Dr. Death Assists in Strangling Respect for Law

June 29, 1995|By WILLIAM P. CHESHIRE

PHEONIX, ARIZONA — Phoenix, Arizona -- People may disagree about euthanasia, but no one can doubt that Jack Kevorkian has effectively put to sleep the notion that we live under a government of laws.

Five years ago a Michigan court, mincing no words, ordered Dr. Death to cease and desist from helping people snuff out their lives. Last month, as the doctor polished off his second ''patient'' of the week, the Michigan Court of Appeals affirmed that order. Another assisted suicide this week was the 24th associated with Dr. Kevorkian.

By persisting in his lethal crusade, the appeals court said, Dr. Kevorkian had served as ''an advertisement for criminal and unethical conduct.'' He likewise had made it clear, the court said, ''that neither the actions of the legislature, the executive, nor the judiciary will sway him from his course.'' The court added, ''We will see.''

The fact is that we have seen many times already how easily Dr. Kevorkian evades the law and the courts. Each time the authorities think they have him at last, he slips the noose and is off again to help somebody else get it over with.

Why this lawlessness is permitted remains a mystery. Dr. Kevorkian has no license to kill. He is protected by neither professional credentials nor ambiguities in the law. He is a crank, pure and simple -- a retired pathologist who is driven to commit acts that, however humane, are wholly at odds with legal and medical standards.

Most people who thumb their noses at court orders are found in contempt and jailed. Not Dr. Kevorkian. Most people who are implicated in the death of other people are charged with homicide if the police can find them. Not Dr. Kevorkian.

Part of his legal immunity may have to do with the title ''doctor,'' which in the popular mind provides his homicides with an aura of respectability. The aura is undeserved.

To begin with, while the science of pathology is vital to the practice of medicine, a pathologist is not a healer in the same way that a family practitioner is a healer. His patients are test tubes and tissue samples.

More important, Dr. Kevorkian's assisted homicides are no more legal and proper by virtue of his occupation than they would be if he were a certified public accountant or a pipe fitter. Medical practitioners are licensed to heal, not to kill.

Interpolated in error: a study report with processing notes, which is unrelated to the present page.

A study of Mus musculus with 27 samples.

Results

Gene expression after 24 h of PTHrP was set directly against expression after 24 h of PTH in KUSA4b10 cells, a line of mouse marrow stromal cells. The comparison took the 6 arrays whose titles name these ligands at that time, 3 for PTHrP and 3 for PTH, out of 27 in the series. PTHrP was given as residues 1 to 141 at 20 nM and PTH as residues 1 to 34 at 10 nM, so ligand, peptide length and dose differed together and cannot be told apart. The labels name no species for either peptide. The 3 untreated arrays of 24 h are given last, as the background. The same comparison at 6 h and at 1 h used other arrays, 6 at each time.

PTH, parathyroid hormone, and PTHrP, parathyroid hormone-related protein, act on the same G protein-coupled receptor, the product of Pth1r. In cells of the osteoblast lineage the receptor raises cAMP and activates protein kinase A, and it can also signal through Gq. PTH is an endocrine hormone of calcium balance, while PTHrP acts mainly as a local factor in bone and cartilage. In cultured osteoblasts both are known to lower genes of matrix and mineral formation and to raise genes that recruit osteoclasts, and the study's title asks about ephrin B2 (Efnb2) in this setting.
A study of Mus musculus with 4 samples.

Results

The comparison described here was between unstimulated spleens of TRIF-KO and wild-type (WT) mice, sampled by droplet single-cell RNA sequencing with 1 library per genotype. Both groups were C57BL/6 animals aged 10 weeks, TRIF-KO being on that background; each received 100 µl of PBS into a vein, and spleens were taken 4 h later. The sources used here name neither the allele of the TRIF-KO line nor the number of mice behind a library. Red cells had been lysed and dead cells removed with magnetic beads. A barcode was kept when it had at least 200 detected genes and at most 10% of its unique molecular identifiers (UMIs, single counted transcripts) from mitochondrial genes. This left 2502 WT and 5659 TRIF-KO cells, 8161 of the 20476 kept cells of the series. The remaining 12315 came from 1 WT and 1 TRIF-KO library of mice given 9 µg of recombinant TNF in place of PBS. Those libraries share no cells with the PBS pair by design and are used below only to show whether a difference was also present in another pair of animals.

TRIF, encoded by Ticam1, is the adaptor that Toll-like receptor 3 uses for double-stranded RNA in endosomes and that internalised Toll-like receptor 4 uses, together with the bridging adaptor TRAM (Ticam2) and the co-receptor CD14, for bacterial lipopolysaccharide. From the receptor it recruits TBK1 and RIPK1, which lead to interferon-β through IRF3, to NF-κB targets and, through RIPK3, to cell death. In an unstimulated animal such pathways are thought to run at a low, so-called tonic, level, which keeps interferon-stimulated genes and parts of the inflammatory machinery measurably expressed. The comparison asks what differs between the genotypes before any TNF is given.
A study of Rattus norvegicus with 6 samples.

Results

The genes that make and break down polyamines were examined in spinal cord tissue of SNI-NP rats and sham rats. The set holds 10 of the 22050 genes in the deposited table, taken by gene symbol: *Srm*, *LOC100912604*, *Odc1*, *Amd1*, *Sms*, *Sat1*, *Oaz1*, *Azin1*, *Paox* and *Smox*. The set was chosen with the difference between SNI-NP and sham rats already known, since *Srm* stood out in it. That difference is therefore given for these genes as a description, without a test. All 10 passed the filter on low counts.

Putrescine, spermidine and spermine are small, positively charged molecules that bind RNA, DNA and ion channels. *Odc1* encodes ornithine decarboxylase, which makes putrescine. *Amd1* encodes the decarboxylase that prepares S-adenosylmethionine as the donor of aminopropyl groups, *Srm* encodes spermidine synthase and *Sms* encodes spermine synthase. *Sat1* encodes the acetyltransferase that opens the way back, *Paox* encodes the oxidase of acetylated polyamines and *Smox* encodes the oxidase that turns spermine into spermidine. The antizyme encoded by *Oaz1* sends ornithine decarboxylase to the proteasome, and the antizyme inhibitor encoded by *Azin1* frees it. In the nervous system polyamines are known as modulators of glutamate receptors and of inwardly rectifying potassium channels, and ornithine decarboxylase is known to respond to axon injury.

''Do no harm,'' said Hippocrates, a clear prohibition against pumping carbon monoxide into the patient's lungs and dumping the body in a public parking lot -- one of the doctor's ''operations'' last month.

Even if one assumes that people with terminal illnesses have a right to end their lives, surely the process requires some mechanism more ethically tidy than house calls by a man with a mission and canisters of poison gas.

Then there's the little matter of the law.

In most states -- including Michigan, where Dr. Kevorkian operates with something like impunity -- assisting suicides is a criminal offense. In the past four years voters in three states have considered making euthanasia legal, but only Oregon voters have approved such a change, and the Oregon law is being challenged in federal court.

Even in states where laws against homicide do not specifically mention assisted suicides, common-law prohibitions may apply, as is the case in Michigan, according to a December ruling by that state's supreme court.

Reflecting on the high incidence of abortions since Roe v. Wade, some critics worry that legalizing euthanasia might lead to an increasing number of ailing patients, especially the elderly, being pressured into assisted suicide by family members weary of caring for old Aunt Hattie or eager to claim an inheritance.

Rita Marker, executive director of the International Anti-Euthanasia Task Force, envisions the possibility of ''a bleak future where euthanasia is the American way of death and people are expected to request their lethal injection at an appropriate time.''

These are serious considerations. It is not enough simply to observe that the terminally ill sometimes suffer unbearable pain. Without adequate safeguards, people whose pain is not unbearable may find themselves unbearably coerced. A society that thinks of itself as civilized cannot deal carelessly with life, suffering and death, but must devise methods more fastidious than those that govern the disposal of unwanted cats and dogs.

William P. Cheshire is a columnist for the Arizona Republic.